A Common Cause of Fatigue
Snoring is often thought of as a male problem, and the subject of jokes in cartoons and sitcoms. In reality, snoring and sleep apnea (periodic cessation of breathing) are no laughing matter. They can be serious medical problems which increase the risk of fatigue, daytime sleepiness, decreased work performance, stroke, high blood pressure and heart disease for men and women. Since snoring and sleep apnea are perceived as distinctly unfeminine, many women are embarrassed to discuss them with their physician. In today’s world, women expect themselves to perform at 110% of maximum at work and at home. They often don’t allow themselves enough time in their busy schedule to sleep (6-9 hours per night). If when they do sleep, they have snoring and/or sleep apnea, the combination is a double dose of trouble causing chronic tiredness and poor quality of life. Although physicians often test women for other causes of fatigue such as anemia or thyroid disease, sleep problems are frequently not considered.
Don’t let fatigue and daytime sleepiness decrease your quality of life. With proper evaluation and care, you should awake refreshed and ready for the challenges of your day. Find out if you have sleep apnea or sleep breathing problems and see what you can accomplish when you get a good night’s sleep.
What Are Sleep Breathing Problems?
Sleep-disordered breathing (SDB) can range from simple snoring to periodic cessation of breathing (apnea) which can be associated with a precipitous fall in the amount of oxygen in the blood. Women who snore and have sleep arousal report excessive daytime sleepiness and waking feeling “unrested”. Morning headaches, difficulty losing weight, and mood swings are also more common in this group. Sleep apnea is more frequent in older, heavier women, and in women with a short, thick neck and certain facial shapes. However, even children can suffer with this problem.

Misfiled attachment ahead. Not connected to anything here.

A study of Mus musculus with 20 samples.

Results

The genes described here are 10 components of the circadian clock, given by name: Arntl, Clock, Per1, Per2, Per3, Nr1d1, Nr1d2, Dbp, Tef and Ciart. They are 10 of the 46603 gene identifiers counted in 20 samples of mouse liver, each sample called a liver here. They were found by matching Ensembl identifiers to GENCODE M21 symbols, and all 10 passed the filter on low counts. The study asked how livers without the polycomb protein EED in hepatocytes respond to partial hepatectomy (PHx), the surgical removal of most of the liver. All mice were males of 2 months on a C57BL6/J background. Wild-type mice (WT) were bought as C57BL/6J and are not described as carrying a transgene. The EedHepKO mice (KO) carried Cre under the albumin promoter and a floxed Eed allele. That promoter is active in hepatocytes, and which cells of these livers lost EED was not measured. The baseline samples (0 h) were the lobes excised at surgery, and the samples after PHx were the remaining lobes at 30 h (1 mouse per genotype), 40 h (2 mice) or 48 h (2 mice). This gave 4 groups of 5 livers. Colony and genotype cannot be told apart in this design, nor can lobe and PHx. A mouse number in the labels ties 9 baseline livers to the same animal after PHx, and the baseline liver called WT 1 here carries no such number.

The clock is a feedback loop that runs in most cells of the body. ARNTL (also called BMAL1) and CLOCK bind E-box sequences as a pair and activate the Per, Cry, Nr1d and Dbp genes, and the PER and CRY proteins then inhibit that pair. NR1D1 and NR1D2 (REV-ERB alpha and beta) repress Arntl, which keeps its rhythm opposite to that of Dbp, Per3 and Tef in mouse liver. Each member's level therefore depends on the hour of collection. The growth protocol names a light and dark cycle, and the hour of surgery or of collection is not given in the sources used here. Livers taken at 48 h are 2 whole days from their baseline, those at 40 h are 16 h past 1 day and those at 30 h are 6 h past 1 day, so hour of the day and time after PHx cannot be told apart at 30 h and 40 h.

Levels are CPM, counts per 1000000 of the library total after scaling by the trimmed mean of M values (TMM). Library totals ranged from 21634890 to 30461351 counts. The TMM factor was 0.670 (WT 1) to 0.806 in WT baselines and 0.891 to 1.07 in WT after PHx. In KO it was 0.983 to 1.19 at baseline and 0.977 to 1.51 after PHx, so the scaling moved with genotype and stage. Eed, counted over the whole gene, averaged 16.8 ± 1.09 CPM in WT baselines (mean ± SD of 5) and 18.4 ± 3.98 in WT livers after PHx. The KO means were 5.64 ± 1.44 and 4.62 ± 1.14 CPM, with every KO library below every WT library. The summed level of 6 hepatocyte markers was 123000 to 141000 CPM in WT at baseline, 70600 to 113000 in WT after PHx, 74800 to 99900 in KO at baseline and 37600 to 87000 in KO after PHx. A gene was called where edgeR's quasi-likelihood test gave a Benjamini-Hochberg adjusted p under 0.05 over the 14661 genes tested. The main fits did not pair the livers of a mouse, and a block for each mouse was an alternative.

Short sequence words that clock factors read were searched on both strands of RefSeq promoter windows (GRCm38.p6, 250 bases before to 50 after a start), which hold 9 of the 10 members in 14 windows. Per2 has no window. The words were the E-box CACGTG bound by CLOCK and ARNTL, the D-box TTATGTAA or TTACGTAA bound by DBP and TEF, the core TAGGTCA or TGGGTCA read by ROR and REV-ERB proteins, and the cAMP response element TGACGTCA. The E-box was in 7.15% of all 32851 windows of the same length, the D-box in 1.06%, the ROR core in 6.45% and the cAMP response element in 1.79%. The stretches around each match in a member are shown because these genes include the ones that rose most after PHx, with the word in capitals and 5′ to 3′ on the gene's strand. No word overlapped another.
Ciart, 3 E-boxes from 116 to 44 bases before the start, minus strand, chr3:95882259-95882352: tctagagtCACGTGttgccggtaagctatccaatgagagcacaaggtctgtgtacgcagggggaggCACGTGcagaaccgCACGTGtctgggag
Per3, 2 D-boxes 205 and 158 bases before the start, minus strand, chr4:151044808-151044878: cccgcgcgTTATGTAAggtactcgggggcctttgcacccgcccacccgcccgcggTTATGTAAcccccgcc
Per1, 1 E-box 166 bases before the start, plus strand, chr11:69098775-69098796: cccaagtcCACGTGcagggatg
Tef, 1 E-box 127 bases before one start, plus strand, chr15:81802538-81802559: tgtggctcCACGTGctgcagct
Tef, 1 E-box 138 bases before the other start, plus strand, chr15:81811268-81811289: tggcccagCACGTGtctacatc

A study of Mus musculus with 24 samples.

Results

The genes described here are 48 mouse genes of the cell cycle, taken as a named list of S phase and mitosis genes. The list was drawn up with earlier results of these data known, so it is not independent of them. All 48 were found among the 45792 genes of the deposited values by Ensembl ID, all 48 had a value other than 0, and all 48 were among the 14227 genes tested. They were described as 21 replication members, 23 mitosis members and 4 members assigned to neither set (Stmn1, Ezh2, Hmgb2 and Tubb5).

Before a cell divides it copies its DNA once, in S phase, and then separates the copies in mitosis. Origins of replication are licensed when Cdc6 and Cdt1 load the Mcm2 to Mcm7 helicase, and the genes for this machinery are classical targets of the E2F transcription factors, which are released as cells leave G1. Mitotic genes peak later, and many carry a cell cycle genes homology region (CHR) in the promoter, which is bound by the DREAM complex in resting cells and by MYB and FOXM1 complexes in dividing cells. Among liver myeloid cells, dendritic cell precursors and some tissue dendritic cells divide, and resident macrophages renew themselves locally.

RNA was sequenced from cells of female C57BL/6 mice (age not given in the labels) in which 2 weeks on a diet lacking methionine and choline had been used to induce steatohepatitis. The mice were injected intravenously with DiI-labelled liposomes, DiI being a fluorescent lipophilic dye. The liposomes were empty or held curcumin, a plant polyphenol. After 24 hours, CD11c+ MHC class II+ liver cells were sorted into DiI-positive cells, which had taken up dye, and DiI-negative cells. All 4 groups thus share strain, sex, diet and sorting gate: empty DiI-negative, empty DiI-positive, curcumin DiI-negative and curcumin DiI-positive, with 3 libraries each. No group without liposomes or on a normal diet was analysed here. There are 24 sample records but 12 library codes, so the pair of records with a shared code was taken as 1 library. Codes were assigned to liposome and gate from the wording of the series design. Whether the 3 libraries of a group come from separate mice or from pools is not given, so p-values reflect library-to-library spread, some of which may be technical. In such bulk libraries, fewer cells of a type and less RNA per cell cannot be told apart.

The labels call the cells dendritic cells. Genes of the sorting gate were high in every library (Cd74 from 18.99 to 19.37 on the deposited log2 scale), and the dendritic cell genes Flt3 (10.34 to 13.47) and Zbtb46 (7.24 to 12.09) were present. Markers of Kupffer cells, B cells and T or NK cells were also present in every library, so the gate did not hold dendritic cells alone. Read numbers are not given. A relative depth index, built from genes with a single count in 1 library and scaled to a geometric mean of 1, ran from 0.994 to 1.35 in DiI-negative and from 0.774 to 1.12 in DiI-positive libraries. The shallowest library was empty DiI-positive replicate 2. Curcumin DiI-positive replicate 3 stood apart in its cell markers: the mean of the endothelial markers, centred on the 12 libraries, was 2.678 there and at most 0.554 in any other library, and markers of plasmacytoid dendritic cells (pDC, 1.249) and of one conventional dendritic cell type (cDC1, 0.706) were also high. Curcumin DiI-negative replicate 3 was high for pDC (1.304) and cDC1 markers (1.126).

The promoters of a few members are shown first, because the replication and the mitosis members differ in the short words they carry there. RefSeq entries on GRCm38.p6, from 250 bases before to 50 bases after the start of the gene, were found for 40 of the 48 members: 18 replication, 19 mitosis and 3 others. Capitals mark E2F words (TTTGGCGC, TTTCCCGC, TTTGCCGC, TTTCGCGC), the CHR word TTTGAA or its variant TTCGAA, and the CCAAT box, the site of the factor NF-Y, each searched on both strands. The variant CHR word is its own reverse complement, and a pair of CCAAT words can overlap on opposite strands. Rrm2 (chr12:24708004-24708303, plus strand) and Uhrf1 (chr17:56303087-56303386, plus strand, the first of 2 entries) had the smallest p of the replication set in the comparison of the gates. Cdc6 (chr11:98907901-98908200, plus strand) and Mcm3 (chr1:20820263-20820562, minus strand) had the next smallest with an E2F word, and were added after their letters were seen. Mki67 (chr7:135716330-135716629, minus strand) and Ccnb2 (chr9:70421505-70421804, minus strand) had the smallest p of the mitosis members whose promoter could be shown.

Possible Symptoms of Sleep Breathing Problems:
- You have been told you snore.
- You have been told that you stop breathing during your sleep (apnea).
- During the day you are tired, sleepy or irritable.
- You are tired when you wake up or have trouble waking up.
- You have fallen asleep while driving.
- You have high blood pressure.
How Can I Know for Sure?
If you think you may have a sleep breathing problem, Contact us to schedule an appointment
Dr. Bryan will review your history and symptoms and perform a thorough examination of your mouth, throat ,and nose to determine if you have nasal obstruction, enlarged tonsils, a “floppy” soft palate and/or a crowded pharynx.
We now have available free of charge to our patients a small personal pulse oximeter to use overnight to monitor your blood oxygen levels. The monitor fits on your wrist like a watch and a small pad fits on one of your fingers. There is no pain or discomfort. If your digital readout shows significant falls in blood oxygen levels, you need a formal sleep study to determine if you have sleep apnea and/or another sleep disorder. We will help you with the pre-certification that your insurance company will probably require for the formal sleep study.
What Treatments Are Available?
If you do have significant sleep apnea, there are several effective treatments. A mask providing pressure can keep your throat open allowing you to breathe much better and keeping your blood oxygen normal. For people who can’t tolerate sleeping with a mask, there are surgeries that provide an internal “lift” for your throat to remove the excess, flabby tissue and, in some cases, enlarged tonsils which are blocking the throat during sleep. Losing weight often improves nighttime breathing problems. Treatment of respiratory allergies or mechanical nasal obstruction can sometimes improve breathing and help snoring by decreasing swelling and opening up the nasal and throat passages.
Children can also suffer with sleep apnea and sleep breathing problems. Snoring could be a symptom of sleep problems, read Children and Sleep Apnea: Don’t ignore your child’s snoring for more information.